Jewel Cave

Jewel Cave rang in the New Year with new discoveries. Two lakes were found inside the cave over the weekend. Officials say these lakes, along with others in Wind Cave, offer researchers the rare opportunity to visit the water source in person.

The discovery of two lakes inside Jewel Cave over the weekend has sparked some research opportunities. New Year’s Lake, the larger of the two, is the second found on the site to intersect the Madison Aquifer.
Mike Wiles is the Chief of Resource Management at Jewel Cave. He said the now the United States Geological Survey, or USGS, is interested in extending its Madison Aquifer studies to include the Cave.
“This is a place where you can actually have a window to the aquifer. You can actually go down and see it. Everyplace else, except for Wind Cave, the best you can do is drill a hole. And that hole will give you measurements and, of course, you can pump water out so you can get water chemistry and things like that. But to actually go down and see the aquifer is very, very rare.”
Several camps that include access to water supplies are set up inside the cave. Wiles said these ensure cavers travel safely and conserve their energy while exploring. He added because there is still plenty of air filling the cave above the water level, the lakes won’t stop the cavers from moving forward.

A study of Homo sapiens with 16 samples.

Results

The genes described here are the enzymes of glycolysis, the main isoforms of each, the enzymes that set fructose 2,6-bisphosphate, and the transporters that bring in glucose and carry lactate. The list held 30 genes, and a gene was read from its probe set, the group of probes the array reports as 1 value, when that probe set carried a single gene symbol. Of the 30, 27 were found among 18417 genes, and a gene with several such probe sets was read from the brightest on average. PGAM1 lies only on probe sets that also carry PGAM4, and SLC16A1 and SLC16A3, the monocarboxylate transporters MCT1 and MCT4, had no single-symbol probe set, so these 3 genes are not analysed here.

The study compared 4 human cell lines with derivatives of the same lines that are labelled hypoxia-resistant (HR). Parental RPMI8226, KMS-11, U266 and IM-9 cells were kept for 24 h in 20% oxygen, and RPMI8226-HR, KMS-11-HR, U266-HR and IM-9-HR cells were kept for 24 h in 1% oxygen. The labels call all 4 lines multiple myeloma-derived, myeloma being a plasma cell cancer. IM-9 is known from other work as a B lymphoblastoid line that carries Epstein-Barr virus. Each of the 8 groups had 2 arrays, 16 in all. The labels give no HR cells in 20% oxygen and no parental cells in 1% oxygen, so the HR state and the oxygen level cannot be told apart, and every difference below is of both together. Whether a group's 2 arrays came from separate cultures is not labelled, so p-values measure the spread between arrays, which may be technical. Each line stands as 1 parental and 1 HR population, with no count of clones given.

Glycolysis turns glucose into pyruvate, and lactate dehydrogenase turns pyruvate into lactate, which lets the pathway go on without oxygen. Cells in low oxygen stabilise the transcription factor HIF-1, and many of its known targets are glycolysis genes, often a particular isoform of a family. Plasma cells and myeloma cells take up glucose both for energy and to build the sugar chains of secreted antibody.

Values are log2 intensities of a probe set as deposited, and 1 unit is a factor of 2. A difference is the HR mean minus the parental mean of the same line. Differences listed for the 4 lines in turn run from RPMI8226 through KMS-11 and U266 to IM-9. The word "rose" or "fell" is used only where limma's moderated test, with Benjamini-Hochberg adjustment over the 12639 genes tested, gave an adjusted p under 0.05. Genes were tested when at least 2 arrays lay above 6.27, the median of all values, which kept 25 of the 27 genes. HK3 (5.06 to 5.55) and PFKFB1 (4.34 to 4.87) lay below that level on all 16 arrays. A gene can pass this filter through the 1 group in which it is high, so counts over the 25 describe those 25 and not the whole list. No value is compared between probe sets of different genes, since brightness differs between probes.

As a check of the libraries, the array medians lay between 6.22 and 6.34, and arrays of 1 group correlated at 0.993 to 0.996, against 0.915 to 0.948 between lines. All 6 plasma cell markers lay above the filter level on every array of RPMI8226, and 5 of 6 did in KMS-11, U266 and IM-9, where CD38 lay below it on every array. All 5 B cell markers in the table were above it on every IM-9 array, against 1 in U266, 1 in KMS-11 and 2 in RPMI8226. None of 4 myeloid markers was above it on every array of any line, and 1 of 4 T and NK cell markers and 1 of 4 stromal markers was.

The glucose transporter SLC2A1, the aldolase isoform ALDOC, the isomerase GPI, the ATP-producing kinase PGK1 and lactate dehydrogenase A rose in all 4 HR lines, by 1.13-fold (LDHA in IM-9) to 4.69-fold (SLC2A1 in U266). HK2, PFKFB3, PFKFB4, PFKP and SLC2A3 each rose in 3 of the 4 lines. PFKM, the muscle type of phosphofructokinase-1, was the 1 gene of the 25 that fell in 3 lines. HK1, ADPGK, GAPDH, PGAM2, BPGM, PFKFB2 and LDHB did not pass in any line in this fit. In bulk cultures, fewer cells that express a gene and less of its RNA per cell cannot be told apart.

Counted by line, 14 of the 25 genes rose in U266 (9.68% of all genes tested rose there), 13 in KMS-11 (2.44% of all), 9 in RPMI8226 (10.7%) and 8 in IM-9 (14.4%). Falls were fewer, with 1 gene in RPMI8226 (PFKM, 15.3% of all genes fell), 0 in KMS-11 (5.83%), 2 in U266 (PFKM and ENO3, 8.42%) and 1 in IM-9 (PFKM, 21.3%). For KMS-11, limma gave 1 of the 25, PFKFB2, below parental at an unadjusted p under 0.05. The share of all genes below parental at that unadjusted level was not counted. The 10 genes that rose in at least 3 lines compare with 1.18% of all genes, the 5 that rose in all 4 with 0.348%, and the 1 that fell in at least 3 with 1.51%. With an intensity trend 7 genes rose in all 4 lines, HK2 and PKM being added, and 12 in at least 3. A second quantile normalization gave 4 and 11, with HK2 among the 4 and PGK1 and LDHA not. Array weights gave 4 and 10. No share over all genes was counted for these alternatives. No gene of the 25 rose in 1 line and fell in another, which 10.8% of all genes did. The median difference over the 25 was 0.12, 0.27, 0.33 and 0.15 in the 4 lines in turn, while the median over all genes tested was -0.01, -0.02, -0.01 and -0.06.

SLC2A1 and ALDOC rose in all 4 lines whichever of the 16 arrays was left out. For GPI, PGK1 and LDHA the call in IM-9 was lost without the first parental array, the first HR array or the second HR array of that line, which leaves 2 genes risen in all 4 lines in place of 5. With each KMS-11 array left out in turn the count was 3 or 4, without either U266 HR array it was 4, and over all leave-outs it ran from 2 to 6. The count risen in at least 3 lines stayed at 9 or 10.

“So I have a suspicion that it won’t all go under water soon. The undiscovered passages are going to skim across the top of the water.  In other words, if we stay in higher levels we should be able to go a long, long way before they become submerged. And then, from time to time when we climb down into the lower levels, I expect we’ll be seeing many, many lakes to come. So that’s my educated guess.”
Wiles said Jewel Cave is perusing funding for a microbial study on the new lakes. Cavers discovered the deepest point of the cave to be 814.3 feet this weekend.